Lockheed-Martin delivers 500th F-35 as global fleet surpasses 250,000 flight hours

Lockheed Martin and the F-35 Joint Program Office have announced the delivery of the 500th F-35, with the global F-35 fleet surpassing 250,000 flight hours sometime in February.

In a news release, Lockheed-Martin said that the 500th production aircraft is a U.S. Air Force F-35A, to be delivered to the Burlington Air National Guard Base in Vermont. The 500 hundred F-35s include 354 F-35A conventional takeoff and landing (CTOL) variants, 108 F-35B short takeoff/vertical landing (STOVL) variants and 38 F-35C carrier (CV) variants for the U.S. and international customers.

Meanwhile, the 250,000 flight hours include all F-35s in the fleet comprised of developmental test jets, training, operational, U.S. and international aircraft.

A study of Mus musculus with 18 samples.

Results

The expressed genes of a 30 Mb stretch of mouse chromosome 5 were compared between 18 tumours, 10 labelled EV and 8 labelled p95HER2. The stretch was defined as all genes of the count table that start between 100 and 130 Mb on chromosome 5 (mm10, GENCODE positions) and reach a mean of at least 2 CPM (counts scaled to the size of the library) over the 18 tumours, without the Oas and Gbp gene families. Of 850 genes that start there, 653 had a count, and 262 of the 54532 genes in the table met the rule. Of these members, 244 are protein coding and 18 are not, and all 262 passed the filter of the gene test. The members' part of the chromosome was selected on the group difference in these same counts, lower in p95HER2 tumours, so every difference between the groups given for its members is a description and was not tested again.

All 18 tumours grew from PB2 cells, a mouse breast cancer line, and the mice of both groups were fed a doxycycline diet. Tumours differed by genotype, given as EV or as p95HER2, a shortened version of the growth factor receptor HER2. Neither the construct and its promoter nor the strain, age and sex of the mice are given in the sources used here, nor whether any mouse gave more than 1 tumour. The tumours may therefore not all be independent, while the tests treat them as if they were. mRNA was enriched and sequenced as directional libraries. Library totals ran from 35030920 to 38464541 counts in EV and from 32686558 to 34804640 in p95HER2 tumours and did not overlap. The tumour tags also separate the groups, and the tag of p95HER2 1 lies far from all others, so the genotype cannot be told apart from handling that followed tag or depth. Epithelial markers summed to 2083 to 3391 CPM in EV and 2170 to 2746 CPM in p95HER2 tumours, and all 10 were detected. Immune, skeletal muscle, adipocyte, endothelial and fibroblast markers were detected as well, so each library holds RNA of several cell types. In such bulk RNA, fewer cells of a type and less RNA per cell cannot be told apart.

“These milestones are a testament to the talent and dedication of the joint government, military and industry teams,” said Greg Ulmer, Lockheed Martin, Vice President and General Manager of the F-35 program. “The F-35 is delivering an unprecedented 5th Generation combat capability to the warfighter at the cost of a 4th Generation legacy aircraft.”

The F-35 operates from 23 bases worldwide. More than 985 pilots and over 8,890 maintainers are trained.  Nine nations use the F-35 from their home soil, eight services have declared Initial Operating Capability and four services have employed F-35s in combat operations.

These nine nations include Australia, which has 72 F-35As on order to replace its fleet of F/A-18A/B Classic Hornets, which will be retired from Royal Australian Air Force service by 2023.

In addition, the F-35 has also been selected in recent months by Belgium, Poland and Singapore to replace their own legacy fighter fleets.